Barry Shrosbree, a senior manager at 1Life, working in the distribution sales division, is this month’s Mover and Shaker.
Barry joined 1Life in 2008 in the direct contact centre division and assisted in setting up direct sales business units after which he was promoted to General Manager of direct sales. He has since moved across to distribution sales to oversee financial adviser sales in the Life and Wealth space as well as working on partnerships with external call centre partners. Barry has almost 20 years of experience in the financial services sales and distribution space. We asked Barry for some insight into call centres and his role has manager.
1. How important is education?
It’s very important. I hold a BCom in financial management and am working toward attaining my Chartered Financial Analyst charter. I do this because I believe one has to put in an ongoing effort to keep learning and enriching their knowledge base.
2. What do you think are the most significant lessons you’ve learned about managing, and particularly managing change and adapting?
Definitely to listen in order to understand different perspectives, and to provide solutions or possible considerations. It’s also important to engage and seek input from your stakeholders. Make people part of the journey where practically possible, because this makes it easier to get buy-in and encourages the willingness to adapt to the change.
3. Even with the current economic downturn, there are often silver linings in these crises. What are some of the opportunities you saw throughout this crisis for 1Life?
I’ve seen more consumers becoming aware of the need for insurance. In fact, perhaps even more aware now than before. Also, the growth in digital, in the context of social distancing has been an eye opener. Conducting business over the phone is increasingly the preferred method of interaction. This has led to a growth trajectory in the call centre space. At 1Life we are now offering external call centre partners the opportunity to get involved in our business, through the sale of funeral and life insurance. This enables these partner call centres to grow and diversify their income, which in these times is invaluable. We have had significant interest in this proposition and are open to engage with future partners.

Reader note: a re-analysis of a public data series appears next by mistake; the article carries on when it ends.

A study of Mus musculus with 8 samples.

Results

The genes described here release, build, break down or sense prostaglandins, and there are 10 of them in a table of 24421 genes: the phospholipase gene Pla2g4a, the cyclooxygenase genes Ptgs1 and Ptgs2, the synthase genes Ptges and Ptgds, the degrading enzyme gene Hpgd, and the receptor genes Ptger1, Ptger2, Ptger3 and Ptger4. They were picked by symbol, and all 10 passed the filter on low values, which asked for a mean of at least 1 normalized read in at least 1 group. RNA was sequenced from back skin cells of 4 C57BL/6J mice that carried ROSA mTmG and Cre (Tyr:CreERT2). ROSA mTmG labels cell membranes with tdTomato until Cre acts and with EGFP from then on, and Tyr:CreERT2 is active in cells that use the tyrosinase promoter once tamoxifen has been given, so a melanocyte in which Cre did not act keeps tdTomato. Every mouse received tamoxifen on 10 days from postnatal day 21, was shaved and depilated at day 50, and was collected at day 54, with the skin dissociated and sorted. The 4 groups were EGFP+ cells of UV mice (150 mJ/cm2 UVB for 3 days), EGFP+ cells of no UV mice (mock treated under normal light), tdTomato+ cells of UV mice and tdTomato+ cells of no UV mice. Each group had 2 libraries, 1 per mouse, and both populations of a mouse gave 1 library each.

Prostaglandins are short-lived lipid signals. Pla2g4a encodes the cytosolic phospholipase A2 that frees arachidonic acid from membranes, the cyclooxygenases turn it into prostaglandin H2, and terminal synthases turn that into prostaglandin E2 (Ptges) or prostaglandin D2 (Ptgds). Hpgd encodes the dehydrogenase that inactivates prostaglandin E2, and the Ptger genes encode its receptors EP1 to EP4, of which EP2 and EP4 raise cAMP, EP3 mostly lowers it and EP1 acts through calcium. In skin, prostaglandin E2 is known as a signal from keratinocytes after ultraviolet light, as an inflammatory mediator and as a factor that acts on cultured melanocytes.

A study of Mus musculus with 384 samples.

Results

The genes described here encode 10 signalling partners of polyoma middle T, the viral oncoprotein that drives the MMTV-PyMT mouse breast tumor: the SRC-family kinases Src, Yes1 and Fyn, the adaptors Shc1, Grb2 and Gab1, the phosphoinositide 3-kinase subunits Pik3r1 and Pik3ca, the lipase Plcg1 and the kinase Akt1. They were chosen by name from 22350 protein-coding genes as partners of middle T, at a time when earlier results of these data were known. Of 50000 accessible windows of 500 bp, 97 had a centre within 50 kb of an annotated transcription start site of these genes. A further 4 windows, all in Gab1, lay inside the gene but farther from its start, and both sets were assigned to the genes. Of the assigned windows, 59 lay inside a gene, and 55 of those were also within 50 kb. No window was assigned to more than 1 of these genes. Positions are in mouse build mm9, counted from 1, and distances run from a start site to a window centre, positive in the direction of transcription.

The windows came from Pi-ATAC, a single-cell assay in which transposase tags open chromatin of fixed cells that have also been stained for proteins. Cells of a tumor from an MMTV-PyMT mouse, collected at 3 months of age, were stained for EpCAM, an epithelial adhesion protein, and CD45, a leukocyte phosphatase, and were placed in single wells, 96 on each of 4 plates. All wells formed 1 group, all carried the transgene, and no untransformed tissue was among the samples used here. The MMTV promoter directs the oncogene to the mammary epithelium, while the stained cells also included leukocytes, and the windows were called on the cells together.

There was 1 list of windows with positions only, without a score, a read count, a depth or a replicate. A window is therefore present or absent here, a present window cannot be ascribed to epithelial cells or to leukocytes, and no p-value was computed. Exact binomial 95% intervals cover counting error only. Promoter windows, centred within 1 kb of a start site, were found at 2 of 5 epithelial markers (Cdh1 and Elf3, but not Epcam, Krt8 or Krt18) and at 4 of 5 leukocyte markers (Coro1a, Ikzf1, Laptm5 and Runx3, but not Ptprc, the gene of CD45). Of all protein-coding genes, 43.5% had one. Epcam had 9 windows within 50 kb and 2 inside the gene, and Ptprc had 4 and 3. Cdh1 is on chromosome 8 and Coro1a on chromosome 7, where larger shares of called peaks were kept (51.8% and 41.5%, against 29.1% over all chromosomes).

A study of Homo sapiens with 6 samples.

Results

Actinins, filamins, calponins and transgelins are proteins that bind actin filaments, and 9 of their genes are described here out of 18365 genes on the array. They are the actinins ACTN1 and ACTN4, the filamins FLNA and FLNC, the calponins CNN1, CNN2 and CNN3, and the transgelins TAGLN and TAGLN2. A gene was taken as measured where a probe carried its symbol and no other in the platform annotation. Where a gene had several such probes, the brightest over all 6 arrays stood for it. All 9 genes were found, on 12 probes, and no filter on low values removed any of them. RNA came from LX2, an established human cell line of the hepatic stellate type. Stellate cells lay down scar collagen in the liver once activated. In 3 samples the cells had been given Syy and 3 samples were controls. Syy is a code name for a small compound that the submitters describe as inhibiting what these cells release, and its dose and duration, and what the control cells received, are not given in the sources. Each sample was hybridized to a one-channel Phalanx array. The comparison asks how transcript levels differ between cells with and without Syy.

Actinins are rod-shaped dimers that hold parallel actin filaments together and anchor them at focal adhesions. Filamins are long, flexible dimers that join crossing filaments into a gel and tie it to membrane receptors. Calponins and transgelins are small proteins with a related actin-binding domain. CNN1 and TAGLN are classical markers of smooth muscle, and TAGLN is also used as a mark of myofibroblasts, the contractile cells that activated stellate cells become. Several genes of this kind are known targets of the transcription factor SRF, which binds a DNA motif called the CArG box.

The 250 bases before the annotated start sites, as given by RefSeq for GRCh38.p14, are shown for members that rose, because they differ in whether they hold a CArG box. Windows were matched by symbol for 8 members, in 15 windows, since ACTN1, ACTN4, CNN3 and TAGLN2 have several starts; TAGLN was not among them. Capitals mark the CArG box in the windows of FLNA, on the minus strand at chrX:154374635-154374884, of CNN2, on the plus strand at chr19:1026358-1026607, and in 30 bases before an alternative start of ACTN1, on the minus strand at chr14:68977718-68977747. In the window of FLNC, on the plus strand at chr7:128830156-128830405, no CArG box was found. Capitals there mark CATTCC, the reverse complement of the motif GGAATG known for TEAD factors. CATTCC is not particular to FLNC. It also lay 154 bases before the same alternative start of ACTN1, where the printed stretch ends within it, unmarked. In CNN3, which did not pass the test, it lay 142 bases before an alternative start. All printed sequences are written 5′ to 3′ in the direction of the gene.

4. If you had to isolate a lesson – a key lesson – that you’ve learned as a manager, what would it be and how did you learn it?
There are many, but if I were to isolate one of the many important ones, it’s finding creative ways to retain staff and keep them engaged long enough to add value to themselves, the business and the customer.
Contact centres, particularly sales environments, are synonymous with having high turnover. In your business planning, you assume a certain production level which means a “newbie” has to take time to get to the optimal level. Then, we often find, just as they get there or even before, you lose folks along the way. This isn’t conducive to a stable environment, and has a ripple effect to your bottom line and a knock-on impact to high performers.
My advice is to use realistic baseline
assumptions. This doesn’t mean accept mediocrity though. If possible,
create a path for your staff to embark on a career journey with
realistic and attainable milestones, so they see progress.
5. Do you have advice for start-up contact centres to grow their business?
For sales contact centres, my advice would be to partner with good quality data providers, reputable product suppliers such as 1Life and hire people who are aligned to your company culture, vision and aspirations.
Get to know and understand the working parts of your business intricately. The “devil is in the detail” – being able to identify an indicator that is out of alignment quickly can enable the fast resolution of a problem, before it becomes too big to turn around.
Finally, don’t compromise on quality, it will come back to bite you. The bigger the complicity with unsavoury practices or compromise, the worse the bite and often with devastating impact.
6. What are the basic foundations in building a world-class contact centre in your mind?
Good data and stable systems are paramount. You need to have the right people on board and then create a conducive environment for them to thrive. Finally, of course, you need a good product or valuable service offering.